MADELEINE BRAND, host:
This week, the Department of Homeland Security is expected to announce a crackdown on illegal immigrants. It will mandate that employers fire workers who have false Social Security numbers.
MARKETPLACE's Amy Scott joins us now. And Amy, tell us more about these new rules.
AMY SCOTT: Well, we won't know of the specifics until Homeland Security actually publishes the final rules. But according to a draft proposed more than a year ago, they involve what are known as no match letters. These are notices that the Social Security administration sends out to employers when the name and Social Security number given by a worker don't match government records.
The proposed rules would require employers to address the problem within a certain time frame and then if the employee can't provide the necessary documents the employer has to fire that person or faces fines of up to $10,000. And officials are reportedly planning more workplace raids to back up the new rules.
BRAND: Now, you said that these rules were proposed more than a year ago? Why are they taking effect now?
SCOTT: Well, as you know, Congress has been working on a major immigration overhaul and officials decided to wait that process out. But when those reform efforts died in June, the department let employers know that this was on its way.
BRAND: Well, I can't imagine employers are too happy about this.
SCOTT: Right. I talked to Laura Reiff. She co-chairs the Essential Worker Immigration Coalition, which represents employers of low skilled workers, you know, restaurants, agriculture, meatpacking, health care. Reiff says the big concern is that people will get these letters and just won't show up for work.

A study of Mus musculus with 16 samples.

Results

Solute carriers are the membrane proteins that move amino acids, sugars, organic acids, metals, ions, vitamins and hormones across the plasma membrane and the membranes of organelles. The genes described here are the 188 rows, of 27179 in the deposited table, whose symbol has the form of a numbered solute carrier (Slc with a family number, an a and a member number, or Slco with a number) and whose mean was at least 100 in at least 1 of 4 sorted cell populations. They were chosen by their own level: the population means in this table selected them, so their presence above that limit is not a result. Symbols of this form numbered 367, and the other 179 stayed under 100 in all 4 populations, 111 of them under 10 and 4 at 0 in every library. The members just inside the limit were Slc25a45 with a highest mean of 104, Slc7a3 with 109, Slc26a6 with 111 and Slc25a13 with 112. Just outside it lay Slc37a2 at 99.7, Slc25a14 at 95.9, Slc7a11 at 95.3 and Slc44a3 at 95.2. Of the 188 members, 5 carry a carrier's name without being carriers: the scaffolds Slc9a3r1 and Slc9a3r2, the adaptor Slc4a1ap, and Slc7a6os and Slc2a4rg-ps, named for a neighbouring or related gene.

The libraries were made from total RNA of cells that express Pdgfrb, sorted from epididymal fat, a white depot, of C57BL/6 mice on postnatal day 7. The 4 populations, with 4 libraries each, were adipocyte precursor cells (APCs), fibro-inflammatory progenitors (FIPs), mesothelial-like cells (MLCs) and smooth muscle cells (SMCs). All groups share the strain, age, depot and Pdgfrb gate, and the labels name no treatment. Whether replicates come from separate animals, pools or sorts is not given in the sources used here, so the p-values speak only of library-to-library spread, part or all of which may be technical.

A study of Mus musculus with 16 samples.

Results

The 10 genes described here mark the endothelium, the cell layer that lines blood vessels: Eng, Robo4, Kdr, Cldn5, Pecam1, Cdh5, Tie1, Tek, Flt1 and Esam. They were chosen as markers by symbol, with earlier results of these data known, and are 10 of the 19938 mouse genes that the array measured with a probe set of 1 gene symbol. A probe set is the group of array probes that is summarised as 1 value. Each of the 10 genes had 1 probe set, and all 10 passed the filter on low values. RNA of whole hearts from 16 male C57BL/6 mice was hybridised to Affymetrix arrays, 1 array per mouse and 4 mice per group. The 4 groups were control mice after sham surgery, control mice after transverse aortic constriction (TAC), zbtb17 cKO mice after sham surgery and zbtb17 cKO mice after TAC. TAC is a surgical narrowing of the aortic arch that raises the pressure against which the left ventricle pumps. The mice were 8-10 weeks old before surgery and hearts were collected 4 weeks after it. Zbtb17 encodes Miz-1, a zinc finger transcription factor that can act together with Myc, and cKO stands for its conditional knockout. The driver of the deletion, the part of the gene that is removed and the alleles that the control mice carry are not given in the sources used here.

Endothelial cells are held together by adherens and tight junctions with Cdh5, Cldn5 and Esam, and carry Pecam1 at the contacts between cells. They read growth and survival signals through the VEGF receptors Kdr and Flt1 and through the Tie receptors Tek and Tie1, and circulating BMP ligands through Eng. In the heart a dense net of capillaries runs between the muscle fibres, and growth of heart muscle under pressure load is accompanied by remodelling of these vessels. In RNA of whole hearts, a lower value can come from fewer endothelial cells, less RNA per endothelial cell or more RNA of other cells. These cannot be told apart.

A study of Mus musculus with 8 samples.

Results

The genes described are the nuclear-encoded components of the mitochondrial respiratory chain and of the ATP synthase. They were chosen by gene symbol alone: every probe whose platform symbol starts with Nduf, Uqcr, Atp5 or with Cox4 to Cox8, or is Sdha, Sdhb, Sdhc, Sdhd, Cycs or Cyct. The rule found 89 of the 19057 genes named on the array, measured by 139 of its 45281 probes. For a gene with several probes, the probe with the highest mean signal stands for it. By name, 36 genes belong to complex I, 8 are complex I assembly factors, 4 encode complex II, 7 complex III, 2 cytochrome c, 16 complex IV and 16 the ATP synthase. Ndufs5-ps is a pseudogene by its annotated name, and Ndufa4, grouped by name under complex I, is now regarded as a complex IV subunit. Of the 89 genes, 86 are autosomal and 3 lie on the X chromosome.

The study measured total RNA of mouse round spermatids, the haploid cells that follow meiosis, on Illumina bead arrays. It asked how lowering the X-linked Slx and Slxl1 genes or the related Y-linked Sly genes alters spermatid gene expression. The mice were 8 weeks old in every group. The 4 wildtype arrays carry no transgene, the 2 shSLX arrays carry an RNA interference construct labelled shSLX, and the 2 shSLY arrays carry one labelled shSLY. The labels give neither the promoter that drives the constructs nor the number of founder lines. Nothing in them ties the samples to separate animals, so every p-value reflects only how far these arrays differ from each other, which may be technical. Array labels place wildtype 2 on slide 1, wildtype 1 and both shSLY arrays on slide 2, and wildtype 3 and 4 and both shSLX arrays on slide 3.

Ms. LAURA REIFF (Essential Worker Immigration Coalition): We know five percent of our workforce is undocumented and if that workforce was ripped out of the economy right now, I think we'd have a major economic downturn. And you know, perhaps businesses would shut down and perhaps they go offshore and perhaps hospitals wouldn't have the workers that they need in it. And there's a real recipe for a lot of pain here.
SCOTT: So this is one of those rare occasions when you see employers joining ranks with unions and immigrant advocates. There is a lot of opposition to this plan.
BRAND: And there must be some people in favor of it. Who's in favor?
SCOTT: Presumably. Yes. Some Republicans in Congress had favored as part of the immigration bill allowing authorities to access that no match database at the Social Security Administration to aide their enforcement efforts.
But I think, you know, a lot of people would still prefer some sort of comprehensive immigration reform, the kind that Congress had been working on. And some favor reform that provide some channel for these undocumented immigrants to work in the country legally. And I think the hope is that that debate is eventually revived.
BRAND: Well, thank you, Amy. That's Amy Scott of public radio's daily business show MARKETPLACE, and MARKETPLACE is produced by American Public Media.